Bear River Awakening

Mercury Taints Fish

Gold Rush mercury taints area fish; Researcher says to eat local catches sparingly

Grass Valley Union — 03/03/05
By Dave Moller, staff writer
In this section

A federal research chemist says mercury left in Sierra watersheds by Gold Rush miners could take hundreds of years to flush out naturally.

At a recent meeting of the Bear River Watershed Group, Charlie Alpers said the water is safe to drink in Nevada and Placer counties, but as the mercury moves through the food chain, it becomes the toxin methylmercury and is found in fish.

Consuming too many of those fish could cause neurological problems in people, Alpers said. His advice was to eat no more than one meal a week of fish caught in the Yuba, Bear and Deer Creek watersheds.

Alpers and his colleagues at the U.S. Geological Survey have been studying area watersheds for mercury since 1998. Their work led to a 2003 state warning to consume no more than four meals of fish per month from the local watersheds.

"It's probably something you don't want to do every day," Alpers said about eating locally caught fish.

The USGS studies have found extreme mercury levels at Camp Far West Reservoir, which straddles the Nevada, Yuba and Placer county lines above Wheatland. The Nevada Irrigation District's Combie Reservoir below Lake of the Pines "came in a close second" and needs follow-up study, Alpers said.

Rollins Reservoir off Highway 174 had mercury levels that were "quite a bit lower," Alpers said. The cooler temperatures in the lake may be the reason, he said.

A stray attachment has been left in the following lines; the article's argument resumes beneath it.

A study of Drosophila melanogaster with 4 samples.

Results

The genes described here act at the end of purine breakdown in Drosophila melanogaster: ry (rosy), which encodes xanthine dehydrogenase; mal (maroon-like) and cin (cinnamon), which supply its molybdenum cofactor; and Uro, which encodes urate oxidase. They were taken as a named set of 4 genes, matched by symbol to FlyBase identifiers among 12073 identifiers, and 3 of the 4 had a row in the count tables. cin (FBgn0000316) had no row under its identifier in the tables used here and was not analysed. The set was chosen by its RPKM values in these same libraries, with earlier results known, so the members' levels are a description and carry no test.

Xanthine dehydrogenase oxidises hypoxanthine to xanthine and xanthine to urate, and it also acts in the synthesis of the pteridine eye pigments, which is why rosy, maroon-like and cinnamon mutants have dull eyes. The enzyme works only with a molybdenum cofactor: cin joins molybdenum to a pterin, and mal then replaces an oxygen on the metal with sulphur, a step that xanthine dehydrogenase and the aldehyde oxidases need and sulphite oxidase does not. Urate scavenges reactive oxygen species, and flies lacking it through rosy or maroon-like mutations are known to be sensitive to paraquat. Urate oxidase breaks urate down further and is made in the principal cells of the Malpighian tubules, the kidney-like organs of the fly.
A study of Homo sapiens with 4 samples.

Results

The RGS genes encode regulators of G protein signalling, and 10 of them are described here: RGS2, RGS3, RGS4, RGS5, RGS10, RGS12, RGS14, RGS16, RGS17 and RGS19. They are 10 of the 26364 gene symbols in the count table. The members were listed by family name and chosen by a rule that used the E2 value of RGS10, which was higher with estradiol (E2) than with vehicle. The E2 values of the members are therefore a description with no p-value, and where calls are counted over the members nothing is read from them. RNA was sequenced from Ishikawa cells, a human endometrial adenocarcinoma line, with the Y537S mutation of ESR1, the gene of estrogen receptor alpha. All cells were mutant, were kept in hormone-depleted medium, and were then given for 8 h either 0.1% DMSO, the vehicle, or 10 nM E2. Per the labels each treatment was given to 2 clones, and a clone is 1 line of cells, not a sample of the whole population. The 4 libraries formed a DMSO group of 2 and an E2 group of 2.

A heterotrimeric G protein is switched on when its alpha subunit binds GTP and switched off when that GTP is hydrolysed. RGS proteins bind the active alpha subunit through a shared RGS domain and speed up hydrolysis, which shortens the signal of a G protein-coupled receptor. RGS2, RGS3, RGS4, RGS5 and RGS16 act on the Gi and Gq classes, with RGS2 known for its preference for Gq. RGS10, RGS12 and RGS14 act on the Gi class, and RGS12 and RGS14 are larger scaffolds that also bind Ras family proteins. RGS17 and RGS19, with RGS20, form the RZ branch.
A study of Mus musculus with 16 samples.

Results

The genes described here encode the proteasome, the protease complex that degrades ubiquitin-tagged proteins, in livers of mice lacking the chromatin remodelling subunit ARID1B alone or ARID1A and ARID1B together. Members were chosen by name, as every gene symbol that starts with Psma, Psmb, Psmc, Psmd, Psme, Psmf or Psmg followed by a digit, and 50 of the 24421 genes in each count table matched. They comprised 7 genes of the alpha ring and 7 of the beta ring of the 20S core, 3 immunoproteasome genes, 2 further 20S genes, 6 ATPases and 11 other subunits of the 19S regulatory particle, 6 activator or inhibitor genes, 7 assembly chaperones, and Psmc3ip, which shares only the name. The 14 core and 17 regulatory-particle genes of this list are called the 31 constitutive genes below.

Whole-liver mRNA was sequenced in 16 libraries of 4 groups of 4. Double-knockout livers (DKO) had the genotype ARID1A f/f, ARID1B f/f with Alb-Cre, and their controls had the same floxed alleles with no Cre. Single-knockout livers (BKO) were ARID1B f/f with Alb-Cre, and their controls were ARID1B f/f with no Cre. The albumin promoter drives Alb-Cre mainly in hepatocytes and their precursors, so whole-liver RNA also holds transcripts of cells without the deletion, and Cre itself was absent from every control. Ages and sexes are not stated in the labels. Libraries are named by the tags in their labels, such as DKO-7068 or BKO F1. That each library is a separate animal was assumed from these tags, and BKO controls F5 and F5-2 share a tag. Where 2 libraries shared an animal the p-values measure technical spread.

A new Bear River watershed study that is tracing levels of mercury toxins in the food chain will come out shortly, Alpers told a Higgins Community Center audience on Tuesday night. Readings have been taken from plankton, insects, slugs and fish for that study.

Sampling sites have included spots along Camp Far West, Combie, Rollins and the Dutch Flat reservoirs. Stream samplings have been taken on Greenhorn Creek in the You Bet Road area.

Alpers said the studies have come to several conclusions.

  • "Mercury contamination is pervasive in gold mining areas" with more coming from placer than hard rock mines. He estimated that through the years, almost 13 million pounds of mercury were left in the Sierra by gold miners.

  • Only 1 percent of the mercury left behind has turned into the toxic methylmercury. If that figure was 10 percent, the danger of consuming fish would rise dramatically.

  • Contaminated sediments in foothill lakes and flood plains are likely to be long-term sources of mercury to the environment "so the benefits of cleaning up mine sites by be a long time coming."